Health Care Is Stuck Between A Rock and An Evisceration
One of the reasons liberals ended up supporting Obamacare is because of the lack of choice. We had a system that was completely doomed while not serving everyone’s needs and with Obamacare, while it’s not a cure-all to the cost of medicine problem (the underlying source in the long-term cost rise in Medicare and Medicaid), we’d at least make a dent while insuring millions of currently uninsured.
The reason liberals didn’t have a choice is because the alternatives were darker and destructive. Here is the primary non-status quo alternative:
The underlying idea is to wipe out one of the main fiscal tent poles of the existing health care system, and use the resulting revenues to finance billions of dollars in subsidies to buy insurance on the existing private market. The result, according to experts, would likely be a significant increase in the number of uninsured Americans, in an economy where, for better or worse, employers would likely no longer provide their workers with health care coverage.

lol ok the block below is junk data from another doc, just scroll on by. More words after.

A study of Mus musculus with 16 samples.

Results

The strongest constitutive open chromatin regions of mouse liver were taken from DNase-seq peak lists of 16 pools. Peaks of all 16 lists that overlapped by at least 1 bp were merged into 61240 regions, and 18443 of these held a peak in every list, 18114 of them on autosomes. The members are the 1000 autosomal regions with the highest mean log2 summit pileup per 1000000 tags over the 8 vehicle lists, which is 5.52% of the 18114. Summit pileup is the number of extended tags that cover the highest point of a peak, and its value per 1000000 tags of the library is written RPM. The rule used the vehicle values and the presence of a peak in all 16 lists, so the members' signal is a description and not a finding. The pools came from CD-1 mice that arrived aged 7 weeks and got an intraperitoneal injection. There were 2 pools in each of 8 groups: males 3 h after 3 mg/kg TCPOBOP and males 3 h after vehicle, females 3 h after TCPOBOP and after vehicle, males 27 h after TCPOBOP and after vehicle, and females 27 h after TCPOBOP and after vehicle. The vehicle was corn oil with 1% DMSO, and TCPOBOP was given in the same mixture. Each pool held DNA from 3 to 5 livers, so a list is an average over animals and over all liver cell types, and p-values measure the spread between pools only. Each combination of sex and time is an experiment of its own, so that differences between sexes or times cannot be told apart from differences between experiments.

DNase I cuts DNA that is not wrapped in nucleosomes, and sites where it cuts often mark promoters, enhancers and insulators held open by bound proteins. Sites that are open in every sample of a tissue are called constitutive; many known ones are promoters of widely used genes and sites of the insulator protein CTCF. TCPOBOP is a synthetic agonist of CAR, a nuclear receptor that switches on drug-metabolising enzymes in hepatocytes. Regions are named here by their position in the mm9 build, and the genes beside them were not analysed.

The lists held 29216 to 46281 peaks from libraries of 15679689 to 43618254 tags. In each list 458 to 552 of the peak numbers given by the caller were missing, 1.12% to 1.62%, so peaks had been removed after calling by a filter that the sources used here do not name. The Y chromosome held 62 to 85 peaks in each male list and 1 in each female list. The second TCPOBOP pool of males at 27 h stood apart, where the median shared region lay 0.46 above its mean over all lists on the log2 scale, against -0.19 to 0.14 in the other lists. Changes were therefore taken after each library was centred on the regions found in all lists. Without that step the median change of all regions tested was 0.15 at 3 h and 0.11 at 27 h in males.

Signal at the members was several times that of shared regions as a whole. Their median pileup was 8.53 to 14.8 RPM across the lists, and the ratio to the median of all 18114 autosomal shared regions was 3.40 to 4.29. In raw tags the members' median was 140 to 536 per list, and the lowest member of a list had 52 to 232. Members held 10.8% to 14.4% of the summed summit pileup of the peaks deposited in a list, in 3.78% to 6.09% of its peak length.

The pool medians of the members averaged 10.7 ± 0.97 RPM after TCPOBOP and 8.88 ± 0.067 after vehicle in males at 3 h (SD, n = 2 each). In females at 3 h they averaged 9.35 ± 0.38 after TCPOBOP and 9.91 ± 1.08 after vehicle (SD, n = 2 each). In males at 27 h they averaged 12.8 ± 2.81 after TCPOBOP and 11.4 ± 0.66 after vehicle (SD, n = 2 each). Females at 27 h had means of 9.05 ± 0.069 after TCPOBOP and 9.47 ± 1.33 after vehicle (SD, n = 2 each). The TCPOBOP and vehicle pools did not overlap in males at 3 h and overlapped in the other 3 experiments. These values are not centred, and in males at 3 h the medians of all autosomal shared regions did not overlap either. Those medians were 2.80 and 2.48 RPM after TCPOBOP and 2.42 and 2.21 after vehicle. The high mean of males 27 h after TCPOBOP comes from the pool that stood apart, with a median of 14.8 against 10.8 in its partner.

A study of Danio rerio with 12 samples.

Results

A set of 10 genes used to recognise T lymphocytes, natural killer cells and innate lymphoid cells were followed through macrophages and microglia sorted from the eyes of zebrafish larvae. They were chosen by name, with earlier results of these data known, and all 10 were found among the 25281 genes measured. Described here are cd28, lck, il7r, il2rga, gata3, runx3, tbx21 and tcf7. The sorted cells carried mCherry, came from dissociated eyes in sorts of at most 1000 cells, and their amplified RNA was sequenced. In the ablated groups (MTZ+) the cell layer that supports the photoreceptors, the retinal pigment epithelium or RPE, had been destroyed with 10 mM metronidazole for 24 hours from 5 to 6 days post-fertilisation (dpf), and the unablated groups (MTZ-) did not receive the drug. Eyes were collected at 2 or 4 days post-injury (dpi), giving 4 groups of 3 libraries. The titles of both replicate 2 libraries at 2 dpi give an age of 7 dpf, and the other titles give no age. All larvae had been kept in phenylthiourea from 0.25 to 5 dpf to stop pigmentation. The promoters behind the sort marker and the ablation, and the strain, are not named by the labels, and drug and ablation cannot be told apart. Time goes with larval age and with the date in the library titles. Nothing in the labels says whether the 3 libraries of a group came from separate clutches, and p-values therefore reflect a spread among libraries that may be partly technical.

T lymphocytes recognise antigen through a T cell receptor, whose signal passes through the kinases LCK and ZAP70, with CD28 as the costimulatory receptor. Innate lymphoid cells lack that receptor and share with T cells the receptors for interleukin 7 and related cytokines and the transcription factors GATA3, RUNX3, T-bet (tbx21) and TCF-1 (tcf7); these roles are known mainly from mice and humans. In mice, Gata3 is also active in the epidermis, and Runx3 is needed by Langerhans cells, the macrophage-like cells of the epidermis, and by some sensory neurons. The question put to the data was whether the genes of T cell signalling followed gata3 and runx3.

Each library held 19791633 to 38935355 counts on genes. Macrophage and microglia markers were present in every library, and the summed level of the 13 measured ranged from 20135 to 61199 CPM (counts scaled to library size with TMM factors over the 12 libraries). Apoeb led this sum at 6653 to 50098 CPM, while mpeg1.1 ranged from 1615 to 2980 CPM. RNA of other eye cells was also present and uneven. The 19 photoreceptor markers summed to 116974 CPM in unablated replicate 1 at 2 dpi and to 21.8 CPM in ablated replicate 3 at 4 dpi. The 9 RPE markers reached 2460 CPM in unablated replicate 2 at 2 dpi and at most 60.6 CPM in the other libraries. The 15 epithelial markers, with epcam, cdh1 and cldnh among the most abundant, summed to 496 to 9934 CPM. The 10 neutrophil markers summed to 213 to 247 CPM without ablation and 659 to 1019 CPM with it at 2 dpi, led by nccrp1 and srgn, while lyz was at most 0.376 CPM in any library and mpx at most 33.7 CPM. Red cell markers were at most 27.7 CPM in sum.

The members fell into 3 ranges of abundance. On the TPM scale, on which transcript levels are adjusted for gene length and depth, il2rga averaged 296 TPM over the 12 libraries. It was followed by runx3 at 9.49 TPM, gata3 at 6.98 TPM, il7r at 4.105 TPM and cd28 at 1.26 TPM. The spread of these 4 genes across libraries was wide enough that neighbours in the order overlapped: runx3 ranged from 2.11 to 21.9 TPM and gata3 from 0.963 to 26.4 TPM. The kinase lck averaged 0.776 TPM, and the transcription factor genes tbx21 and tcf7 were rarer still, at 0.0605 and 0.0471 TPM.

On the other hand, Obamacare seeks to create a system by which people who cannot get insurance can get it.
“Obamacare” sought to mitigate those distortions by regulating the individual insurance market in a way that creates a safety net for the uninsured, the self-employed, laid-off workers and workers at firms that decide, over time, to stop offering health care benefits. It subsidizes insurance for these people and requires insurers to end discriminatory practices, and in return requires everybody to carry coverage. It finances this system in part by limiting — not eliminating — the tax exclusion for employer-provided benefits.
Both conservatives and liberals, Republicans and Democrats alike, believe that getting rid of the tax exclusion for employer-provided benefits is a good idea. The key difference between the two ideological sides, however, one has a care and the other doesn’t.
Romney, by contrast, suggests he would eliminate this tax exclusion, leading employers to drop benefits, and leaving workers to buy insurance on their own with tax credits. Analyses of McCain’s similar plan in 2008 suggest it would cause the number of uninsured Americans to spike by millions.
In other words, even if you don’t like Obamacare itself (most liberals don’t), liberals still supported it because the alternatives were either not good (status quo) or worse (Republican strategy). Even if you don’t like the “liberty-limiting” portion of Obamacare, there is no sensible reason to support this destructive alternative or the people behind it.